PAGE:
The Brazilian government has announced it will create a network of eight research facilities focused on artificial intelligence (AI).
The minister of science, technology, innovation and communications, Marcos Pontes, made the announcement during the opening speech of an event focused on public sector innovation in the country's capital, Brasília.
"[The creation of the centers] has been one of the priorities [for the Ministry] in order to improve the country's capabilities around AI," Pontes said.
Specific timescales and details around locations, investment and potential partners are currently being defined and should be announced in a soon-to-be-released tender.
According to the minister, one of the labs will focused on edge AI technology in areas such as cybersecurity and will involve the Brazilian Army.
The other seven centers will work on applied AI. Four of these venues will be working on the technology in line with the national Internet of Things (IoT) plan.
The four core verticals of Brazil's IoT plan are Smart Cities, Healthcare, Agribusiness and Manufacturing. The plan was preceded by a study, funded by Brazil's National Development Bank (BNDES) and carried out by a consortium led by consulting firm McKinsey.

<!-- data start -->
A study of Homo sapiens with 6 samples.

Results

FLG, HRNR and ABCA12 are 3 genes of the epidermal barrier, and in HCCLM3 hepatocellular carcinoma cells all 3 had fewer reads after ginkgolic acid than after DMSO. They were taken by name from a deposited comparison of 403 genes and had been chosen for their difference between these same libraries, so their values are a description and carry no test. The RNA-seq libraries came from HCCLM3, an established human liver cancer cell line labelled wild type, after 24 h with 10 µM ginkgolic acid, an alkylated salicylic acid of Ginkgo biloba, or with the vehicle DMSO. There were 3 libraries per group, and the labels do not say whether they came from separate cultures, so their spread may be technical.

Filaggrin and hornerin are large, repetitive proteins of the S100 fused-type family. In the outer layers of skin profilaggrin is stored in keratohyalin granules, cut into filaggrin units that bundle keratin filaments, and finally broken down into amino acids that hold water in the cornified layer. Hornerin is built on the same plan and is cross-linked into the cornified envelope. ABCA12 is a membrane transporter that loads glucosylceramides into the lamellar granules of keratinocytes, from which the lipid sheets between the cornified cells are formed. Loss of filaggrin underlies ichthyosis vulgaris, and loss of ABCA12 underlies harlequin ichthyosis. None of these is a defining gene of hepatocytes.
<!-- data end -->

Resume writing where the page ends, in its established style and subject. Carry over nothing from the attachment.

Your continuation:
Another AI center within the network announced by minister Pontes will be focusing on the application of artificial intelligence technologies in government.
The Brazilian government has already put the wheels in motion to get the building blocks ready to fully exploit AI in the public sector. For example, it has announced the creation of a single citizen database in October, which will contain a wide range of personal information about the country's population of over 200 million people, to be fully shared across departments.
"What has made a difference throughout history is the ability to work in teams; the ability to reason, plan and think about the future; and our ability to create tools to solve problems and improve quality of life, " Pontes said during his speech.
"We have created magnificent things, we have gone through many transformations - machines, engines, electricity, electronics, computers, airplanes - and we have reached a point now that is very special, which is digital transformation," he added. "We now have [technology] that aids the creation of other tools that help us plan and work in teams."
The announcement of the AI lab network follows the creation of a partnership between IBM and the São Paulo Research Foundation (FAPESP) to launch a major AI research center in São Paulo next year.
The AI center will be the first Latin American institution of IBM's AI Horizons Network. It will be jointly run by IBM, FAPESP and the University of São Paulo to pursue "a disruptive research program", with the potential to "promote paradigm shifts in AI."